Родился в 1902 г. в Санкт-Петербурге в дворянской семье.
Окончил гимназию в Киеве.
В 1920 г. эмигрировал в Прагу (Чехословакия), где продолжил занятия на юридическом факультете.
В 1929 г. получил степень кандидата, а в 1932 г.— степень магистра юриспруденции.
Юрист, историк, публицист.
Изучал русскую и византийскую историю и каноническое право в Праге.
Затем переехал в Берлин, где работал сотрудником Кайзер-Вильгельм-Института по международному частному праву и преподавал теорию и историю советского права.
В 1949 г. получил должность приват-доцента по восточноевропейской истории в университете Франкфурта-на-Майне, а в 1954 г.— должность профессора.
Скончался в 1959 г.
Биографические материалы, предоставленные Марией Манли:
Victor Vladimirovich Leontovitsch was born in St. Petersburg in 1902. He attended school in Kiev until the outbreak of revolution and civil war and experienced all the turmoil of that period in the Ukraine until escaping in 1921 to rejoin his parents in Prague where he resumed his education. He studied law from 1924 to 1932 at the Russian Free University in Prague going on to complete postgraduate studies in constitutional law. He also researched canon law at the St. Sergius Russian Orthodox Theological Seminary in Paris.
Settling in Berlin from 1934 until 1945 he was able to find a number of lecturing posts including Soviet Law at the Institute for International Law, a part of the Friedrich Wilhelm University in Berlin, and International Civic Law at the Kaiser Wilhelm Institute. He also taught Russian language courses at the Higher Institute for Economics. During this time he published a series of articles in respected journals on the philosophy of law and constitutional law on, amongst others, the French Institutionalist Maurice Hauriou and the Soviet Constitution.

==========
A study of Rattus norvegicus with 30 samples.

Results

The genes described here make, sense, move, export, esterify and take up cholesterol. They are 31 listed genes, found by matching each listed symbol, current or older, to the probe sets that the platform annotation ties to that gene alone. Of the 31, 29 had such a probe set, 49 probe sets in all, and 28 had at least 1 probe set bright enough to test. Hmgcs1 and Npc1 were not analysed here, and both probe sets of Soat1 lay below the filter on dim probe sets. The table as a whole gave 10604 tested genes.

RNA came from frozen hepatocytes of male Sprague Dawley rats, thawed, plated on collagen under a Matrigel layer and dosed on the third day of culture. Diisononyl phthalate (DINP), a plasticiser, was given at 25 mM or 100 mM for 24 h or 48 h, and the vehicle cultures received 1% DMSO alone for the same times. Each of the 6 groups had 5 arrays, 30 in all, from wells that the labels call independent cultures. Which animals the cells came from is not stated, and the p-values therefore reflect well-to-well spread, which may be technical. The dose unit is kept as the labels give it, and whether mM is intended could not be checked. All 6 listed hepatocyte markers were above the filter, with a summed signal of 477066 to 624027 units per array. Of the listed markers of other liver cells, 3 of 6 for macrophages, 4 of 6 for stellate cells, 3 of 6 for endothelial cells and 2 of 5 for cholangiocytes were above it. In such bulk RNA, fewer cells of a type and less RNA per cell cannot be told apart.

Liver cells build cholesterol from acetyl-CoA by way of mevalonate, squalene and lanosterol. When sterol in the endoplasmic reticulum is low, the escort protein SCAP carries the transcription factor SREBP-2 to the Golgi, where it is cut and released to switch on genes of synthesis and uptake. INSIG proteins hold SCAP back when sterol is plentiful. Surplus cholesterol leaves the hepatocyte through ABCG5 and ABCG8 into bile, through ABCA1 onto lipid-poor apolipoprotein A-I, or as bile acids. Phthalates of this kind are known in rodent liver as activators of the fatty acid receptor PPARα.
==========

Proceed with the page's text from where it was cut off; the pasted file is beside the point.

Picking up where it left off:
Following the defeat of the Nazi regime and the end of the war, Victor Leontovitsch developed his academic career with an increasing focus on historical subjects, firstly in Munster in 1945-46 and then in Frankfurt. In the autumn of 1946 he was appointed to a post at Frankfurt University, where he received a doctorate in history in 1947. He was a lecturer and then professor of Byzantine and East European history from 1946 to 1959. In 1947 he published the well-regarded Die Rechtsumwalzung unter Iwan dem Schrecklichen und die Ideologie der russischen Selbstherrschaft (The Legal Revolution under Ivan the Terrible and the Ideology of Russian Autocracy).
Leaving Frankfurt University in 1953, he settled in London with his family to research his magnum opus “Geschichte des Liberalismus in Russland”, which was published in Frankfurt in 1957 by Vittorio Klostermann supported by the Frankfurt Institute for Social Research under Max Horkheimer. After a short spell as broadcaster at the BBC World Service (Russian Section) he returned to Frankfurt to resume his academic career. Sadly his health declined with the onset of cancer and he died in London in 1959 at the age of 57.
‘Geschichte des Liberalismus in Russland’ went into a second edition in Germany in 1974, and was subsequently published by Alexander Solzhenitsyn in a Russian language translation in Paris in 1980. A second Russian edition appeared in Moscow in 1995. A French translation was published in 1986 by Fayard.